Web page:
Supply chain players have been late to the party where Big Data is concerned. Mostly, with exception of Retail, they were happy producing ‘things’ and selling ‘things’ to other B2B enterprises and basking in the relative comfort of low volume and structured data world.
Not surprising, as the Big Data phenomenon originated from the growing ubiquity of the social media platforms and digitally savvy consumers; prime hunting grounds of the B2C players. For them, all of a sudden a new set of information channels opened up, that generated raw data on consumer preferences and opinions, as well as provide a direct route to connect with the end consumer with product/brand messaging and promotions.
Relatively more digitally native players in data intensive industries such as Banking, Insurance and Telecom have been the first movers in this space. They have been quick to realize the potential and many are well on their way to digitally transform their businesses and explore new business models that leverage the full potential of big data. The recent step advances in digital data processing technologies have also supported the entire data management, governance and analysis tasks that are inherent to harnessing this behemoth.
For the product based companies, the clarion call naturally came from the industry that is closest to the end consumers, Retail. With the connects to their end consumers first opening up through their retail partners, the downstream manufacturers and brand owners in industries such as Consumer Products, Consumer Electronics, Food Processing (all who sell through retail channels) are now starting to realize the possibilities and scampering to develop capabilities to harness and leverage the full potential.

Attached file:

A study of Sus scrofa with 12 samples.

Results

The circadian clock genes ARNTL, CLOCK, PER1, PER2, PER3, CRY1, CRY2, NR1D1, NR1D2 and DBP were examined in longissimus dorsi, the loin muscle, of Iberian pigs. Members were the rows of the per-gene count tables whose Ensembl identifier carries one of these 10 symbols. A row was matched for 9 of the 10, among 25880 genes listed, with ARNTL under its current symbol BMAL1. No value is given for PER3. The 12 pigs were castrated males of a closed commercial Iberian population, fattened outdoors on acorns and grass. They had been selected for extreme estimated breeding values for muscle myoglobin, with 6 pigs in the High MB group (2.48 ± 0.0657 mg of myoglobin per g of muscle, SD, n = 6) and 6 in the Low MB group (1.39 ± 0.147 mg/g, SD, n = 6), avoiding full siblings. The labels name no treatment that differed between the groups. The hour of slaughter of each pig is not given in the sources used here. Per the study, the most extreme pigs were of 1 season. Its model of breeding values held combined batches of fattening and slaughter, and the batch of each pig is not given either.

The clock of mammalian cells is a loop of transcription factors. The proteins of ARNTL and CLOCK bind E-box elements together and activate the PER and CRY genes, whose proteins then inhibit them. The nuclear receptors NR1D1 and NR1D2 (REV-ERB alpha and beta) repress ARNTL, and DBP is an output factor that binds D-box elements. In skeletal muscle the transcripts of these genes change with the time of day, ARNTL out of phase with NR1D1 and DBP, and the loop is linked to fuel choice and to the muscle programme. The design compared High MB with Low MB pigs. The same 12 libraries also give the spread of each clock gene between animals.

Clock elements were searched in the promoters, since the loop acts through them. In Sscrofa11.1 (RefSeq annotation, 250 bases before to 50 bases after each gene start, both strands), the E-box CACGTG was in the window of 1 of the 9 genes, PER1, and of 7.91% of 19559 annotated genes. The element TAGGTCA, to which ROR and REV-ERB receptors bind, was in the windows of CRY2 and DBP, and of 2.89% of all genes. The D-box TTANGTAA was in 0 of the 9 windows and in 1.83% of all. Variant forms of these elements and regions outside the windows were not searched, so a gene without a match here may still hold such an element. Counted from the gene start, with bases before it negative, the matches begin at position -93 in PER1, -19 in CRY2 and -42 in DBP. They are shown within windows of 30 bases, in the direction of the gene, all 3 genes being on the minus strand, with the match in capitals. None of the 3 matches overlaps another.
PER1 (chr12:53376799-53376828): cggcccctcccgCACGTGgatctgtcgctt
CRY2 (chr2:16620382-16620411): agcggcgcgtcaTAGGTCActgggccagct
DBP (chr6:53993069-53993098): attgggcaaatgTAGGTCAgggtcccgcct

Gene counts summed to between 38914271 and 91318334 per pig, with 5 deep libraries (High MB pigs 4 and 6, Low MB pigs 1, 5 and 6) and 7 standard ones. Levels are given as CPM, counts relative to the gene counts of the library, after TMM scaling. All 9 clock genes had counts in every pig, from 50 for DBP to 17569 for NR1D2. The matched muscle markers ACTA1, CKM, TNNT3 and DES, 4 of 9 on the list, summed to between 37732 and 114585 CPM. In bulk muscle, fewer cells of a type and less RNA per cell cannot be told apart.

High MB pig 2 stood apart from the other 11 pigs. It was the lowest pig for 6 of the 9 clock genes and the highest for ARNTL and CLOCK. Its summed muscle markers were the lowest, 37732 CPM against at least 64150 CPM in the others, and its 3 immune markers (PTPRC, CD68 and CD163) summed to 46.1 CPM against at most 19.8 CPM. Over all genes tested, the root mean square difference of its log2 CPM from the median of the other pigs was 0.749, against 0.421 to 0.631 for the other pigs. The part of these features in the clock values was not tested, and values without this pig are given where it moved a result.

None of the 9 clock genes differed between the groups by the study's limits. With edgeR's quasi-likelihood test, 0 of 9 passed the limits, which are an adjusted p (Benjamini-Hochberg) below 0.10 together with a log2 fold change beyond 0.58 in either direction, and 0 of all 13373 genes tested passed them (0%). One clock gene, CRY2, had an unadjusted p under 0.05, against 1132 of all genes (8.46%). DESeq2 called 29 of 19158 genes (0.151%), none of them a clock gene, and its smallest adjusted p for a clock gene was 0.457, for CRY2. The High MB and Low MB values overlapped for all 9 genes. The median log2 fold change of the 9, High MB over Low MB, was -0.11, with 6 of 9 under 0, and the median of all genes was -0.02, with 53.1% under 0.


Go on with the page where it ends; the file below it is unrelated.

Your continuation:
In the new Big and (bad?) world of big data, the proverbial cheese will soon move further away for the supply chain professionals. The primary driver of new data generation have been the consumers so far. People like you and me. But in the new big world (rather not say, bad) of data, the category that will far surpass ‘people’ in creating new data will be the ‘things’. Machines and products that supply chains have traditionally handled. Sensor enabled machines and products will be able to send vast amount of information that can be hopefully analysed and the results used to take optimal decisions. The scale of such data is staggering. Gartner predicts that by 2020, our world will have about 26 billion devices connected through networks and will be able to generate data on almost all forms of human activity. From, how many times you have braked sharply while driving your car, to whether all process specs have been followed in processing, storing and distributing each packet of processed chicken wing, from the farm to your fork. And all that, in close to real time.
The holy grail of mirroring the physical world with the system world is now a distinct possibility. The question for my supply chain brethren is What Now?